More trends relevant to crypto

In yesterday’s post I listed five trends related to crypto that I came up with for a brainstorming exercise with the team ahead of our offsite retreat. The rest of the team came with their own awesome lists of trends and I thought I’d share some of them here:

  • Congress’s increasing irrelevance was echoed by others, and yet a big trend over the past year has been the increasing number of voices in DC lobbying on crypto issues. Back in 2011 I was more or less the only person in DC working full-time on the issue. Two years ago there were maybe two or three groups, each with clear agendas. Today there are dozens of interests of varying quality and motivation lobbying for disparate things. This results in increasing confusion in Congress and in the crypto community.
  • Sticking with Congress, we had two related and somewhat conflicting trends spotted. Since Congress started looking at crypto in 2013, it has thankfully been a non-partisan issue, meaning that a member’s party affiliation did not predict whether they were a champion, a skeptic, a critic, or uninterested. That trend continues in a way. For example, congressional action on crypto (bills introduced, letters sent, caucus events) are almost always bipartisan. That said, we definitely detect a growing amount of partisanship on crypto issues reflected, for example, in the recently proposed stablecoin bills, but also in out ongoing dialog with members and staff.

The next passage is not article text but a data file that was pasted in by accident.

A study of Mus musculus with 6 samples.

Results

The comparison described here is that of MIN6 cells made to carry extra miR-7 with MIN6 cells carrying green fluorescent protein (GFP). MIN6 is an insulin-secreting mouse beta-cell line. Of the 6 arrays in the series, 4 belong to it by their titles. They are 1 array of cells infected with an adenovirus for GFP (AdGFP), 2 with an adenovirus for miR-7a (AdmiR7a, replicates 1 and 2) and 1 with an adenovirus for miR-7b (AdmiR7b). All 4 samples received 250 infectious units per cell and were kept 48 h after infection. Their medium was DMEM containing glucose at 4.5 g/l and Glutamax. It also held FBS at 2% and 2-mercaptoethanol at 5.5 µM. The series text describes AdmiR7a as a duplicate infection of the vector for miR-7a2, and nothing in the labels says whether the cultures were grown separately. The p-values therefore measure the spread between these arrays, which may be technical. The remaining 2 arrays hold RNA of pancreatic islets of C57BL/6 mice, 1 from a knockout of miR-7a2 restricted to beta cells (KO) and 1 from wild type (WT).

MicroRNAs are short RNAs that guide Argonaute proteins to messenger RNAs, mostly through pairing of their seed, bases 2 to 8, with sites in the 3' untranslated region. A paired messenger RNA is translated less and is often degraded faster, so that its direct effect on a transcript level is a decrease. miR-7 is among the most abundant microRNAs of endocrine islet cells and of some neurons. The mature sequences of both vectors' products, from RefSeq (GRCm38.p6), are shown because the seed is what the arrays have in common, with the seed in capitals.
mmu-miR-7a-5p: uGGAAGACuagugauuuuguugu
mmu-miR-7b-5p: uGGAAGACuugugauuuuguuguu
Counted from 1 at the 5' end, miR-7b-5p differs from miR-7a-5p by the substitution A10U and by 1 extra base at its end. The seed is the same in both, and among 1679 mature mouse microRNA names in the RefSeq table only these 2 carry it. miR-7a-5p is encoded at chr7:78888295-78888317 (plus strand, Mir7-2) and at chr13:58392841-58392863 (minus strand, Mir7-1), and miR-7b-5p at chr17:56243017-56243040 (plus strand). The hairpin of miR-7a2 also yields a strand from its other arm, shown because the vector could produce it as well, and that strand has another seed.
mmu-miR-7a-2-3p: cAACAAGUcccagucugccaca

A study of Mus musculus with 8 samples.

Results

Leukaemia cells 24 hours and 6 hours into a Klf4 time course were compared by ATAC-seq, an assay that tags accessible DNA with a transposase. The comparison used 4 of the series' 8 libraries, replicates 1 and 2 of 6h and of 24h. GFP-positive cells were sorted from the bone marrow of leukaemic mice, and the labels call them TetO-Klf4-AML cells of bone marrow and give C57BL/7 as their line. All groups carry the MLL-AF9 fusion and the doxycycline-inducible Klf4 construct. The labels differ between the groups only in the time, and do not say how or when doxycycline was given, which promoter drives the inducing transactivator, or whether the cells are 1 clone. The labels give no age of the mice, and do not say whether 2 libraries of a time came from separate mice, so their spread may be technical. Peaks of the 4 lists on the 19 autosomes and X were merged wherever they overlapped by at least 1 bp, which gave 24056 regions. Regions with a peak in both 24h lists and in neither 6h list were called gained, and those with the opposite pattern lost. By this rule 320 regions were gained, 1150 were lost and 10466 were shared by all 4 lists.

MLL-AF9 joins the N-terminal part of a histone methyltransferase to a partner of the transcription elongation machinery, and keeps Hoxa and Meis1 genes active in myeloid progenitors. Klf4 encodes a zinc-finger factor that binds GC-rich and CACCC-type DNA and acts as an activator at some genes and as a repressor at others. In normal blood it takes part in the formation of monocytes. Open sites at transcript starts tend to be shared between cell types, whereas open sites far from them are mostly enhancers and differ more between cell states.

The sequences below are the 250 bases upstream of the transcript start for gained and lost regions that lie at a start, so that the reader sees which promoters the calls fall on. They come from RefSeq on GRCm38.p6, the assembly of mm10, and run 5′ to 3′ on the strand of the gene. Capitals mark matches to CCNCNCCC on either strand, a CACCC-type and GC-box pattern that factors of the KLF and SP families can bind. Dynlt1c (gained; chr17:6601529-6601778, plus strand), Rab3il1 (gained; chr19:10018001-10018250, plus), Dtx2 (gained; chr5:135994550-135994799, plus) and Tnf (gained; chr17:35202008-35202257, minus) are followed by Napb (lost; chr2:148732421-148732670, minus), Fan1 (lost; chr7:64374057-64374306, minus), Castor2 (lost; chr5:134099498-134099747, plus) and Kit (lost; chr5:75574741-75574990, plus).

• The mainstream media is increasingly jaded about crypto. There’s a feeling that the tech’s revolutionary promises, which journalists may have reported on a few years ago, have not been kept. In the interim they have seen retail investors hurt during the ICO boom. At this point we might expect a drought of coverage similar to the drought that started in 2014 after the $1,000 bitcoin bubble popped. Positive and even negative sentiment stories like ransomware and illicit commerce have become noise for the media and will have a hard time breaking through to page A1 unless they are of great significance.
  • Online gatekeeper centralization continues and, despite what the media narrative might suggest, the major platforms are not under serious threat from government. Both Republican and Democratic voters concretely love their Facebook feeds, their iPhones, and certainly their Amazon Prime and only abstractly have concerns about privacy or competition.
  • Preference faking is becoming more prevalent. There is increasingly one conversation happening on Twitter and a different one on Slack and Telegram. The gap between revealed preferences, perhaps especially at the voting booth, and ‘reality’ as conventionally perceived, especially through the media, will continue to grow.

Again, some of these deserve blog posts of their own, so stay tuned.